Some of the biggest contributors to the Australian agricultural industry are unaware of the work they are doing.
Charles Sturt University’s Wagga-based Graham Institute estimates dung beetles save the nation’s economy $1.3 billion each year.
The discovery spearheaded by Professor Leslie Weston has been awarded $23 million in federal grants.
“My husband is an etymologist and about six years ago we discovered three species on our property in Coolamon,” said Professor Weston.
“We started to notice that they're presence reduced our flies as we composted our manure and altered our drenching.
“We now have much less manure on the surface soil in summer, which is helping to keep the pasture growth strong.”
Professor Weston estimates the bugs contribute to the economy in three key areas. They control pest species populations, spreads manure nutrients and improves soil health.
Especially as the creatures contribute to the reduction of bush flies, farms that boast a high population of dung beetles can achieve higher rates in livestock rates – and fewer instances of the proverbial ‘Australian salute’.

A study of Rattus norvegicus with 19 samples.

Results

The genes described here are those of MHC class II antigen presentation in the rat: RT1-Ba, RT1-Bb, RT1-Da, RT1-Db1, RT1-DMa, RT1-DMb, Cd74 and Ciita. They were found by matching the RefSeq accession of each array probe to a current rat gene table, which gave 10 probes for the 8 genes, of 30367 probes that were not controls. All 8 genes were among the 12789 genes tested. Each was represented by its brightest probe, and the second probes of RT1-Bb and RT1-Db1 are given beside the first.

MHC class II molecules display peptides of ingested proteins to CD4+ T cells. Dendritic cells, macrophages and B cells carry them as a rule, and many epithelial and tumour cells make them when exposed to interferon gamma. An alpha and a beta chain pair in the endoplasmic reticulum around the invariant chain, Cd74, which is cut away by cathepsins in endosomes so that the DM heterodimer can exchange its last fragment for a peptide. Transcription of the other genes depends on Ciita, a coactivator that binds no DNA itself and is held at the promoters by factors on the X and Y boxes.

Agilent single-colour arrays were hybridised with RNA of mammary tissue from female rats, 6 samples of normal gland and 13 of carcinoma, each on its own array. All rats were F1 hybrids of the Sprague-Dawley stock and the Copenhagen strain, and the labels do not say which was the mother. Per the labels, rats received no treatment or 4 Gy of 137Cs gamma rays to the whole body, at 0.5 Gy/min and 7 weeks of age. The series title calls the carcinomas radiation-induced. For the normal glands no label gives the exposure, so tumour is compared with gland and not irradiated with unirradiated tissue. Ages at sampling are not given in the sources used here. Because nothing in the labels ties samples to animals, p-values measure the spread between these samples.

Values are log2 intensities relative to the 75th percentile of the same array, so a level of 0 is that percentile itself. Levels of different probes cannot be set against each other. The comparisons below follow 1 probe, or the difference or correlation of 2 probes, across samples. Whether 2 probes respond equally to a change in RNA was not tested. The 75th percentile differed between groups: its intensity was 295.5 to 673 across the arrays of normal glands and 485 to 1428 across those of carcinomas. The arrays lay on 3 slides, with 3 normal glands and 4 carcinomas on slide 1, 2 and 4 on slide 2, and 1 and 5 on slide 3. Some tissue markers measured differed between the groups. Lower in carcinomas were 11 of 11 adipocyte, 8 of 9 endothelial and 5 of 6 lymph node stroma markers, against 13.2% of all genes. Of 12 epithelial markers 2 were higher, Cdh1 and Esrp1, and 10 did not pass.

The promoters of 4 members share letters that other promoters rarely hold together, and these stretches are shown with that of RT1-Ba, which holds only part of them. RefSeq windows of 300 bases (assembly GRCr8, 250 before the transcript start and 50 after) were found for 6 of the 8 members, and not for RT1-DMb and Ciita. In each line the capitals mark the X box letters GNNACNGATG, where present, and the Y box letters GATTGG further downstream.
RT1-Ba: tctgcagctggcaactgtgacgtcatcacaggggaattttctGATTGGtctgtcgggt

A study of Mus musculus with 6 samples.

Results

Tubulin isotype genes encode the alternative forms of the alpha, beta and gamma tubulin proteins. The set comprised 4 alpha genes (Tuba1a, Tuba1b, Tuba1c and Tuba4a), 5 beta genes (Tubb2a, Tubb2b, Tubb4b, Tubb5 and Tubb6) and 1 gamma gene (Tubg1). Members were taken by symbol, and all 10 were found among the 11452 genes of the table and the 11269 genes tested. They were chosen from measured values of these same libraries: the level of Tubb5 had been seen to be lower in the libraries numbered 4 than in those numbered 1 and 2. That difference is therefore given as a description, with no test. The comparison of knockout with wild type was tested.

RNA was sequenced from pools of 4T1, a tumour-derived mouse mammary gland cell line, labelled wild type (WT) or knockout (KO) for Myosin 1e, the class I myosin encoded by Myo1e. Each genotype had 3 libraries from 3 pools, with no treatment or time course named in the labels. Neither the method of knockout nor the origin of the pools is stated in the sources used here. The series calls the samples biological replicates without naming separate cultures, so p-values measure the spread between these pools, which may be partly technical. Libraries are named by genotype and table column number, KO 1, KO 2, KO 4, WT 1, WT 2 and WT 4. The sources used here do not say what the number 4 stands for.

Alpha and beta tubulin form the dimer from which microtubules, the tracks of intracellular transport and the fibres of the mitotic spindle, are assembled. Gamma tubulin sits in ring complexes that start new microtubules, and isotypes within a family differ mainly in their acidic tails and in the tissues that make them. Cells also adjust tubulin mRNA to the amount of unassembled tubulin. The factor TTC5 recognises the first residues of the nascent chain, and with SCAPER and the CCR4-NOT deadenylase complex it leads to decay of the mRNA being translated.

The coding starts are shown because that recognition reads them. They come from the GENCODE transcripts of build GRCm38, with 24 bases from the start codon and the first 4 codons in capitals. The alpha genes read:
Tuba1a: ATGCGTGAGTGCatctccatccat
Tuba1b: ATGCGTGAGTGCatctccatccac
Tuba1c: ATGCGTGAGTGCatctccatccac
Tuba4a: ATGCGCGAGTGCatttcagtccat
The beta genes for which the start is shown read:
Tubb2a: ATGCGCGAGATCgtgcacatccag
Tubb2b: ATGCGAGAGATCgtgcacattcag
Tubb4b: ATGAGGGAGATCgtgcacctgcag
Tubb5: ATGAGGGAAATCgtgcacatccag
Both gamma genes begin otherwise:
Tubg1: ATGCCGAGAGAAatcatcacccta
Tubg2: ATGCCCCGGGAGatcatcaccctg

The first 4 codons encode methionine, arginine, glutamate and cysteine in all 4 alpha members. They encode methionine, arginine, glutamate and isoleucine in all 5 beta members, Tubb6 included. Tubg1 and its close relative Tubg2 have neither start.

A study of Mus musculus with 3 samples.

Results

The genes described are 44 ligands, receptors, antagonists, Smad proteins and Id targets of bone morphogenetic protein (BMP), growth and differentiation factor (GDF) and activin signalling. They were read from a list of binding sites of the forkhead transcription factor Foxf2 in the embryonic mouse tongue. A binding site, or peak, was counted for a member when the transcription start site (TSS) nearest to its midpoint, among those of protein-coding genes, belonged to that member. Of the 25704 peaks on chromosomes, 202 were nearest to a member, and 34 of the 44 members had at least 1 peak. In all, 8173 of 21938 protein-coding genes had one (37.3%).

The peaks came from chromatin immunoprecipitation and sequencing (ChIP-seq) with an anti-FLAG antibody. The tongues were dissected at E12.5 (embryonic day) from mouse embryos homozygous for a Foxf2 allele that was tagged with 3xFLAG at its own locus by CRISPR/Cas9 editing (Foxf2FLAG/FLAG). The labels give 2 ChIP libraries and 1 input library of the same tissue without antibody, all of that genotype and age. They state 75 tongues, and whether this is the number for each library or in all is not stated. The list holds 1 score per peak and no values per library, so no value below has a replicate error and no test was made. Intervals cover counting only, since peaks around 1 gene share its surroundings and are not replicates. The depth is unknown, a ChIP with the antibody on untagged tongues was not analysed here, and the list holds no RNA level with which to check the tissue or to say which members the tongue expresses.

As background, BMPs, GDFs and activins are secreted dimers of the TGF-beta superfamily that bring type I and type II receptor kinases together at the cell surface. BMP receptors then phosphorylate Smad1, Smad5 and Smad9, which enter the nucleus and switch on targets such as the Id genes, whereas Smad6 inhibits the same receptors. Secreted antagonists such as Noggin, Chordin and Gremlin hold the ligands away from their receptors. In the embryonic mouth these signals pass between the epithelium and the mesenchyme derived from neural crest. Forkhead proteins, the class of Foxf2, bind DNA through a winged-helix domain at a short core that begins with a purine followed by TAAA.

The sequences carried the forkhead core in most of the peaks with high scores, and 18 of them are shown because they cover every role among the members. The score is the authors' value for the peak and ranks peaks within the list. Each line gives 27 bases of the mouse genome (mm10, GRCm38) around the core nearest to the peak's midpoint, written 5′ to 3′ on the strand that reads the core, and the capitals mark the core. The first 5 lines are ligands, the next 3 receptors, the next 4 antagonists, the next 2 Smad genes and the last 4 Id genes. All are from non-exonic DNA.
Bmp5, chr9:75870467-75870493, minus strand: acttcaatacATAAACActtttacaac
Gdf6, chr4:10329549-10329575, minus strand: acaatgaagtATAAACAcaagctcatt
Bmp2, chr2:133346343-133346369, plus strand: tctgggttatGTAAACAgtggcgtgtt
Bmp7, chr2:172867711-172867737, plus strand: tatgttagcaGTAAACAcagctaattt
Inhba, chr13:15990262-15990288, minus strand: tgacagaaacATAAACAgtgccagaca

In the past 40 years the CSIRO has introduced 85 species of dung beetle across Australia, but only 23 have established populations.
“At this point we don’t really know which ones have established where, so we need to conduct some surveillance to map out where they have adapted,” said Professor Weston.
Professor Weston and her team of five other researchers are now preparing to canvas 12 sites across Australia to build a detailed understanding of the beetles’ invisible ministry.